Sixty years ago, two young musicians happened upon each other in Liverpool, England, in a meeting that would change the course of popular music forever.
It was July 6, 1957. John Lennon, then 16, was playing with his skiffle group The Quarrymen at a church garden party in the midst of a stultifying heat wave. Paul McCartney, 15, was in the crowd, wearing a white sports jacket with a pink carnation.
In the documentary The Beatles Anthology, McCartney remembers the spectacle of Lennon strutting around in a checked shirt, "and sort of blondish kind of hair, little bit curly, [sideburns], looking pretty cool. And he was playing one of these guitars — guaranteed not to crack, not a very good one — but he was making a very good job of it."
The Quarrymen performed "Come Go With Me" by The Del-Vikings, and though Lennon clearly didn't know the words, he adapted lyrics from blues songs instead. That ingenuity impressed McCartney, who met Lennon after the set. Backstage, McCartney played Eddie Cochran's "Twenty Flight Rock," which in turn impressed Lennon — perhaps in part because McCartney actually knew all the lyrics.
Later, Lennon remembered being uncertain about partnering with such a strong musician, who might challenge his leadership in the group. But that hesitation was short-lived. "I turned around right then on first meeting and said, 'Do you want to join the group?' And I think he said yes the next day," Lennon said, as quoted in The Beatles Anthology.
Though they wouldn't take the name The Beatles for another three years, that meeting between two boys on a sweltering summer afternoon kick-started a creative partnership that yielded nearly 200 songs valued at close to a billion dollars. Right now, the 50th anniversaries of The Beatles' most famous albums are arriving in quick succession: Revolver last year, Sgt. Pepper's Lonely Hearts Club Band earlier this year and, in 2020, Let It Be.
To think such a storied career all comes back to one moment: that chance encounter one afternoon in a Liverpool church hall.
Web intern Karen Gwee contributed to this story.
MARY LOUISE KELLY, HOST:
On this day 60 years ago, two young musicians happened across each other at a church garden party, and that meeting changed the course of popular music forever. NPR's Neda Ulaby has the story.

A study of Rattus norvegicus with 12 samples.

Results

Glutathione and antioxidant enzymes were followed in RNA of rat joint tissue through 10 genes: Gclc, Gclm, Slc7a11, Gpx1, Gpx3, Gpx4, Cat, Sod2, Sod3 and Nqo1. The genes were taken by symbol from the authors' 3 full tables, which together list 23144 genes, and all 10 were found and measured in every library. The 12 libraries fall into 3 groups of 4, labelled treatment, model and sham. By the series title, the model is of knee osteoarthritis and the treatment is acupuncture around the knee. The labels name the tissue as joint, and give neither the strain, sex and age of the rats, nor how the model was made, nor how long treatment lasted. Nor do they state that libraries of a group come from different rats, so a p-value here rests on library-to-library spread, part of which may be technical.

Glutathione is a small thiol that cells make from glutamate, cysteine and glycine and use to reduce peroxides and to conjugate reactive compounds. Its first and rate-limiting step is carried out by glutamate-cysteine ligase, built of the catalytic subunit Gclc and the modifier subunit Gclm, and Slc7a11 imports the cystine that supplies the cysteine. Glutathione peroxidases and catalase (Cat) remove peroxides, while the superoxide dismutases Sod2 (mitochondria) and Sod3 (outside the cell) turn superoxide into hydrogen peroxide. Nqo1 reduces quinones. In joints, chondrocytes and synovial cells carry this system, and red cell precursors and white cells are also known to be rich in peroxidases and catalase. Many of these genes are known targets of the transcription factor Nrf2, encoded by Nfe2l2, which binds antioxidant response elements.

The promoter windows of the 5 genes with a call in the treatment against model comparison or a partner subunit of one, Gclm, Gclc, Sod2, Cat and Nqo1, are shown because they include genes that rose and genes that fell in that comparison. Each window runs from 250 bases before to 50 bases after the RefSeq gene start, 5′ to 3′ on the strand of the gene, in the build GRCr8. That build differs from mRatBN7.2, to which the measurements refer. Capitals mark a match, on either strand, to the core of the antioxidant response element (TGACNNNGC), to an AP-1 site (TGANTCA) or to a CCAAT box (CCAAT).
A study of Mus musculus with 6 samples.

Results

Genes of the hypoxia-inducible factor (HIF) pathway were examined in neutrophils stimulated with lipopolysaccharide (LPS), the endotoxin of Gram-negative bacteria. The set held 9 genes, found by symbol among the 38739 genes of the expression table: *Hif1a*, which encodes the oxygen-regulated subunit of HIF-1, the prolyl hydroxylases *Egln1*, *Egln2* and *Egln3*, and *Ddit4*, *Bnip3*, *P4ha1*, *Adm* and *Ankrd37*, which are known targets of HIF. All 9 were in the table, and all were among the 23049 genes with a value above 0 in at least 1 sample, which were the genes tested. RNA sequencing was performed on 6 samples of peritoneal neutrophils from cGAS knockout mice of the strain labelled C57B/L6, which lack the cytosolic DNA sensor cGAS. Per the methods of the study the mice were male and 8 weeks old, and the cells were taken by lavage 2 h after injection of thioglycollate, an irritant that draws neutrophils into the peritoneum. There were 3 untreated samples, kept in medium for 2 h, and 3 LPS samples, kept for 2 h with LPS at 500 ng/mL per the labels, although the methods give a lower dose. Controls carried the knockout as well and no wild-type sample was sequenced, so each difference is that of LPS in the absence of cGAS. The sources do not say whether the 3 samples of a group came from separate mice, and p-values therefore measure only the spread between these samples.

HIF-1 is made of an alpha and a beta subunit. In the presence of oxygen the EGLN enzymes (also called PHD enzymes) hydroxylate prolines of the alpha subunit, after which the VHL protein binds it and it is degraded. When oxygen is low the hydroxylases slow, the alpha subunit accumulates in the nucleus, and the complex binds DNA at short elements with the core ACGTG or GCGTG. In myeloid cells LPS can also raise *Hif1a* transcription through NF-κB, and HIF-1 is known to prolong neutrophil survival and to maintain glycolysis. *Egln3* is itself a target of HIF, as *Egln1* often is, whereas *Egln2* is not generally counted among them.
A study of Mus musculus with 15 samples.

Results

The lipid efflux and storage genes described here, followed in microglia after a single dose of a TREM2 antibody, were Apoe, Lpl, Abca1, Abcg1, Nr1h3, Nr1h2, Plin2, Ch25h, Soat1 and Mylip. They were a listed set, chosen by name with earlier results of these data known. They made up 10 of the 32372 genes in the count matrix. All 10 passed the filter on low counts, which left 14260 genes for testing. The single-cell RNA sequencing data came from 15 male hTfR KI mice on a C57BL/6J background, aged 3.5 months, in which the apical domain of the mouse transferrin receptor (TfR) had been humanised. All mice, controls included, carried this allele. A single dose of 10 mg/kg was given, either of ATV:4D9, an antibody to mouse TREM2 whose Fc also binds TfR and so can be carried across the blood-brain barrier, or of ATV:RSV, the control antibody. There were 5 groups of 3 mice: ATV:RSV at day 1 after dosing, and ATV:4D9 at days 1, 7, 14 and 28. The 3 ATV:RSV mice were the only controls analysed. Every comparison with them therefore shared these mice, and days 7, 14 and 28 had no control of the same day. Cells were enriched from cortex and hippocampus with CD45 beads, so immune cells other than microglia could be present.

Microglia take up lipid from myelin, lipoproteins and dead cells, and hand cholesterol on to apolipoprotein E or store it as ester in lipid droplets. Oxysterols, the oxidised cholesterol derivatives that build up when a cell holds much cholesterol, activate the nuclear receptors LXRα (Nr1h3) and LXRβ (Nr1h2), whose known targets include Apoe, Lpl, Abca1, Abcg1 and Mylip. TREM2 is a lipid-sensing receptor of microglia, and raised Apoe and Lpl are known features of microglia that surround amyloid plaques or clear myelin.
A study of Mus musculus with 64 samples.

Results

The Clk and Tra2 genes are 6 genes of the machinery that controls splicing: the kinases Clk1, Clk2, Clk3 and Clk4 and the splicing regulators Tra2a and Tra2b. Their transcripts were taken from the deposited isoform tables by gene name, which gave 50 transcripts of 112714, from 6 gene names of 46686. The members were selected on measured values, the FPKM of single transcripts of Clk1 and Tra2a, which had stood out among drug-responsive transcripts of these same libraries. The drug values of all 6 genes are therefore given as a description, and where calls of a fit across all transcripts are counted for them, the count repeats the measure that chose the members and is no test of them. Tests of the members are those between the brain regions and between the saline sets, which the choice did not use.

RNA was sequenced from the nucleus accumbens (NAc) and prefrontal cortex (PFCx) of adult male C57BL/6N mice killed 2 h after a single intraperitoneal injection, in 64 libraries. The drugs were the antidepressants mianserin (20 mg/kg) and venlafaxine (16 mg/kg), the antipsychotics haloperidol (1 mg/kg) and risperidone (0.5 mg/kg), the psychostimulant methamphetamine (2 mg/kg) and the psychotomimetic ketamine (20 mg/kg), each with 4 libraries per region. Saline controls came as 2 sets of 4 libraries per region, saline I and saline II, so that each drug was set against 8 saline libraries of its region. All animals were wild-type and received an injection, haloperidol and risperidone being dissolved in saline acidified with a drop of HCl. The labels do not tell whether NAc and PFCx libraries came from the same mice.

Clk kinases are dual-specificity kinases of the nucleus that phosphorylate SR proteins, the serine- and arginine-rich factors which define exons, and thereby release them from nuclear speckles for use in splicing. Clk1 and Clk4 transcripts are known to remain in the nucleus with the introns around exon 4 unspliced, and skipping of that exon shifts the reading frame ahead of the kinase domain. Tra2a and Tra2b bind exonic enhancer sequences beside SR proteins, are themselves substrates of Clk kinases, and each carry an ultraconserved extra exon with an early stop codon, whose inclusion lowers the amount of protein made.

NEDA ULABY, BYLINE: A stultifying heat wave in 1957 did not stop John Lennon's skiffle group, The Quarrymen, from playing outside a Liverpool church alongside a dog show...
(SOUNDBITE OF FILM, "NOWHERE BOY")
UNIDENTIFIED ACTOR: (Singing, unintelligible).
ULABY: ...These scenes, painstakingly recreated in a 2009 movie about the early days of the Beatles, called "Nowhere Boy." Fifteen-year-old Paul McCartney stands watching in the crowd. In "The Beatles Anthology" DVD, the real Paul McCartney remembered the spectacle of John Lennon strutting around in a checkered shirt.
(SOUNDBITE OF "THE BEATLES ANTHOLOGY")
PAUL MCCARTNEY: Sort of blondish kind of hair, a little bit curly, sideboards, looking pretty cool. And he was playing sort of one of these guitars guaranteed not to crack, you know? Not a very good one, but he was making a very good job of it. You know, I remember being quite impressed.
ULABY: After the set, McCartney played a song for Lennon, who was impressed in turn, maybe partly because McCartney actually knew the words to the song. Later, Lennon remembered being uncertain about whether to partner with such a strong musician who might challenge his leadership. But his hesitation lasted only briefly.
(SOUNDBITE OF ARCHIVED RECORDING)
JOHN LENNON: And I turned around and right then, on first meeting, said, do you want to join the group? And I think he said yes the next day.
GORDON THOMPSON: That's the beginning of the story.
ULABY: The beginning, says music professor Gordon Thompson, of a 20-year partnership yielding nearly 200 songs now worth close to a billion dollars.
THOMPSON: That's where it starts - that afternoon in that church hall in that part of Liverpool.
(SOUNDBITE OF SONG, "TWO OF US")
THE BEATLES: (Singing) You and me Sunday driving, not arriving...
ULABY: We're in a peak Beatles anniversary moment right now, with the 50th anniversaries of their most famous albums rolling in practically on top of each other, "Revolver" last year, "Sergeant Pepper's" this year and soon "Let It Be," where this song from.
(SOUNDBITE OF SONG, "TWO OF US")
THE BEATLES: (Singing) We're on our way home.
ULABY: Today, says Professor Gordon Thompson, on the anniversary of John Lennon and Paul McCartney's very first meeting, maybe it's worth taking a moment to reflect on how shaped we are by the people who've crossed our paths. Neda Ulaby, NPR News. Transcript provided by NPR, Copyright NPR.